I don’t agree with Adam that individual responsibility emerged within a tradition, or only ever existed within a space framed by groups. Individual responsibility may be a relic of the state of nature, if one ever existed.
The Durkheim and Foucault schools seem to rightly identify that the individual is shaped by structures and institutions, wherever the individual does not practice volition. But the individual retains volition over the shaping of self in every respect. The individual can only exercise that volition selectively. And the individual should be careful about rejecting the formative structures without extensive deliberation, per Hayek.
The teleological consequence that Durkheim and Foucault aim at (and here I must beg the reader to contradict me if they understand better, because my familiarity with these writers is strictly third-hand) is that certain structures shape the individual badly, in particular “capitalism,” which I put into scare quotes because theirs is a stylized capitalism, but so is mine.
Adam’s thesis fizzled in the examples. But what I understand is that he would warn libertarians not to presume volitional action on the part of those agents that seldom act volitionally. I think a more robust model would first compare the marginal benefit to marginal cost to the individual of thinking volitionally about a particular habit.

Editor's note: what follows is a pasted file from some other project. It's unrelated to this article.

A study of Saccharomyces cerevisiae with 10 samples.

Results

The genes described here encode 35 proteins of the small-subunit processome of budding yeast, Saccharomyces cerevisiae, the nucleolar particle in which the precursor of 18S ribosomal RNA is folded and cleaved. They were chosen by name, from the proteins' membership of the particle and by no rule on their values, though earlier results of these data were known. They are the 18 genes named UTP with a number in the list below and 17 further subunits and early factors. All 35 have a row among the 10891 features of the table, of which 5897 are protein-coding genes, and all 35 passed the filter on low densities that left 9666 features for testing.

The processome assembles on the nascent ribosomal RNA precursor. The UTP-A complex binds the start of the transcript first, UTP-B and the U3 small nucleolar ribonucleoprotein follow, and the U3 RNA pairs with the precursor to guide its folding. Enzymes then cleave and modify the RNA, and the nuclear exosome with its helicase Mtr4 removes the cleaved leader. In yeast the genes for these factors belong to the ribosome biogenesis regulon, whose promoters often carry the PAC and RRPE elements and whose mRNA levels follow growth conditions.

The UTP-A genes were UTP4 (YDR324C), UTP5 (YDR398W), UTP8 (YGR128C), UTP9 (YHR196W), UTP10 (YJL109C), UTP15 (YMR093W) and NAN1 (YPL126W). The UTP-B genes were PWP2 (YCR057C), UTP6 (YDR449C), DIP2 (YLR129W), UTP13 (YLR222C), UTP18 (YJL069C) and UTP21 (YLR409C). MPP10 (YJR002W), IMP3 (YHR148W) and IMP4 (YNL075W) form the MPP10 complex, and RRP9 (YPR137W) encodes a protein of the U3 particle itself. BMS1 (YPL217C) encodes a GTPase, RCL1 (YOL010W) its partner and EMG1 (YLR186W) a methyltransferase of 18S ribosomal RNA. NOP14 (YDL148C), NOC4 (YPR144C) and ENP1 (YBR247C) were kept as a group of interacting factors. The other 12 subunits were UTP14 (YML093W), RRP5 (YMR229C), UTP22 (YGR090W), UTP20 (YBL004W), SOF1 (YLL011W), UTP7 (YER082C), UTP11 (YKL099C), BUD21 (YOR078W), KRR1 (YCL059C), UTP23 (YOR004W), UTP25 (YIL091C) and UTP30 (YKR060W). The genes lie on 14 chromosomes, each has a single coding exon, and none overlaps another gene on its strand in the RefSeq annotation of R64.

How much instruction in virtue is needed? Most pedagogies of virtue guide the individual through a program of deliberation over habits. But we are short on instruction in virtue.
Perhaps the best lesson to learn about virtues is concentrated in the problem of faction, as rightly identified by Adam Smith and Richard Whately. Where deliberation over a habit is discouraged, or completely blocked, we should suspect that the habit is supportive of faction, rather than sympathy. Mill thus placed a great emphasis on liberty of conversation. Precisely those habits that structures discourage individuals from deliberating on are those habits that are most suspect of forming vice in the individual to the benefit of some in-group sympathy.
Finally, virtue is best exemplified and then caught, rather than taught. But who will take the initiative to demonstrate? Particularly when the students might be few, and might not absorb the lesson apart from repeated demonstrations? Those who subjectively value the increase in virtue should expect to have to shoulder that burden personally. The only true route to reform, whether of society or the individual, is through personal expense.